In The H.D. Book, published earlier this month by University of California Press, Robert Duncan gives his take on a statement in Blavatsky’s last written piece, “My Books,” dated April 27, 1891, two weeks before her death, and published in the May 1891 issue of her magazine, Lucifer. Duncan’s comments are a fine example of the poet’s style and his use of language to get beyond things that language can describe.
In 1891, a month before her death, she closed her last essay with a quotation from Montaigne: “I have here made only a nosegay of culled flowers, and have brought nothing of my own but the string that ties them.” The string she had brought of her own was the thread of her argument, a wish that she, and mankind with her, might be released from the contradictions of dream and fact, creative idea and actuality, volition and authority that tortured her spirit. But the string was also the quest for the end of dream, creative idea, volition—if only they could be proved to be their opposites, so that what we thought was moving would prove to be schematic and settled. The string was the obsessional winding of the thread—the double-faced words “mind” and “real,” the inversion of evolutionary theory, the perversions of geological theory, the inversion that must not be conversions, the transference of fact into fiction and fiction into the mode of fact, the subversion of accepted scientific thought, the plagiarism, the fraud—worst of all, the reasoning of a woman who knows she must be right and will take any means to prove it.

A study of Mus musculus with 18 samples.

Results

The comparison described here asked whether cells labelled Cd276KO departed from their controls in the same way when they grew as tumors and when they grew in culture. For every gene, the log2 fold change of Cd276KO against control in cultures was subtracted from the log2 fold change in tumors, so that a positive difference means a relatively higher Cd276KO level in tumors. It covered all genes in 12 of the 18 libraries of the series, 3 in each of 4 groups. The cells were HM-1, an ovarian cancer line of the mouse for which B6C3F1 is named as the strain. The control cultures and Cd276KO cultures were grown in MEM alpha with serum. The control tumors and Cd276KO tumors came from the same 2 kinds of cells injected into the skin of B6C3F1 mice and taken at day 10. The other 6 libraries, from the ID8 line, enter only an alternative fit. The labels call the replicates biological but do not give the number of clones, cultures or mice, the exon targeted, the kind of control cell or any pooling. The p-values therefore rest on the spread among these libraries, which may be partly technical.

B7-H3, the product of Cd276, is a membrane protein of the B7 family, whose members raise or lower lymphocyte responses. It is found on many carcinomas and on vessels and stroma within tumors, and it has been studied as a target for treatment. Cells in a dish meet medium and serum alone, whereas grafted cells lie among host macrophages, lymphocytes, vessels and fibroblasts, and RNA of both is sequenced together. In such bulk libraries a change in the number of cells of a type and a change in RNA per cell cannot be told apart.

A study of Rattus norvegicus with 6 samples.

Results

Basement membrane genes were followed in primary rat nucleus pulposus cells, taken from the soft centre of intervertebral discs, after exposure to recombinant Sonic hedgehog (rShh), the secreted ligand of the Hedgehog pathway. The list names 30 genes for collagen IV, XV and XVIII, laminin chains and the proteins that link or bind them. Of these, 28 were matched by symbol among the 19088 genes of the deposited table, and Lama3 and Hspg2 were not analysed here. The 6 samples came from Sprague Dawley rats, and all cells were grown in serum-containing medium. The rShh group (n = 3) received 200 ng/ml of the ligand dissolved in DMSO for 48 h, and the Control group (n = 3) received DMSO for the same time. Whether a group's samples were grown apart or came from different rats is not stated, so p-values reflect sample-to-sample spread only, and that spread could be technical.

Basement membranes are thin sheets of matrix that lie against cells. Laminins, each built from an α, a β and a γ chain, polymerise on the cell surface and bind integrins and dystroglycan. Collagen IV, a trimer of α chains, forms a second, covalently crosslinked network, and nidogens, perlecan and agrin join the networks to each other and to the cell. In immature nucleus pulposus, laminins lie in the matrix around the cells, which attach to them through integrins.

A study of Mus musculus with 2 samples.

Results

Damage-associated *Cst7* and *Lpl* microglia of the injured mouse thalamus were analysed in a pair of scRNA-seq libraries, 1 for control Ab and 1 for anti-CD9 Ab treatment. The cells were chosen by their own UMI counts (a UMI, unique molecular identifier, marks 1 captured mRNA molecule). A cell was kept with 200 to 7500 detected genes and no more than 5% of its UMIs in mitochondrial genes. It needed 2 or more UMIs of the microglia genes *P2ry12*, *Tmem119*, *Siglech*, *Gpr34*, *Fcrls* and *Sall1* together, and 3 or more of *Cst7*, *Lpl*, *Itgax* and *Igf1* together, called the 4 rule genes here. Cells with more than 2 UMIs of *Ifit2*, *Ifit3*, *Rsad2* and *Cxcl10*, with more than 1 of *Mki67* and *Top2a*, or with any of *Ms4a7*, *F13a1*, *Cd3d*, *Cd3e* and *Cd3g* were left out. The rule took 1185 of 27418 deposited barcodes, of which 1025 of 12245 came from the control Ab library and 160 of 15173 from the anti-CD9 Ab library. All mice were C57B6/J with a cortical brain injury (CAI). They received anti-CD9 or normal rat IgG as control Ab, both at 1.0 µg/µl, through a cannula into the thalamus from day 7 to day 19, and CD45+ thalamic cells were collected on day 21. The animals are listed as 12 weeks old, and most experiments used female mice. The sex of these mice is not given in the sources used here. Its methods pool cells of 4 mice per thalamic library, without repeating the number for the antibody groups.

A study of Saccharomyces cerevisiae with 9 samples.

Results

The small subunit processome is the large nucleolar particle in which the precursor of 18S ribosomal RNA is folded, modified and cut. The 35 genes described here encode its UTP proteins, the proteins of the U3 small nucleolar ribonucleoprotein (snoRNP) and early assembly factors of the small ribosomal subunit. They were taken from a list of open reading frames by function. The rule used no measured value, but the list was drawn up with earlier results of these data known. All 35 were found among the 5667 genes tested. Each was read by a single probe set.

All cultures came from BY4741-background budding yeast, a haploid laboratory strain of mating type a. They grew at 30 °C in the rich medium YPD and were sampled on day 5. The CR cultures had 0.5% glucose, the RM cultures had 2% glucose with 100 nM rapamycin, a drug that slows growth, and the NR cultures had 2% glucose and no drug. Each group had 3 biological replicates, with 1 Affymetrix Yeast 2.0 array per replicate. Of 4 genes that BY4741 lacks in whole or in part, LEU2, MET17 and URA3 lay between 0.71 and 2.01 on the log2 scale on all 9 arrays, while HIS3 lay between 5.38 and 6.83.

With pathos, she added: “Is anyone of my helpers prepared to say that I have not paid the full price of my string?” She had been attacked and exposed, vilified and ridiculed. Her followers had come to doubt that her Masters “really” existed. But the pathos was Mercurial, for she had meant for her followers in all the stupidity of their conscious minds, bound by chains of Theosophic belief, like her defamers, bound by the chains of scientific or religious disbelief, to pay the full price of her string.
For the price of the string, the price of the wish, the quest, the obsession, lay in an oppressive state. She had gathered a pitchblende of suggestion, once her doctrine was mixed, in which some radium lay hid. In the mess of astrology, alchemy, numerology, magic orders and disorders, neo-Platonic, Vedic, and Kabbalistic systems combined, confused, and explained, queered evolution and wishful geology, transposed heads—the fact of her charged fascination with it all remains genuine. It has the charge of a need, and her sense binds: that until man lives once more in these awes and consecrations, these obediences to what he does not know but feels, until he takes new thought in what he has discarded from thought, he will not understand what he is.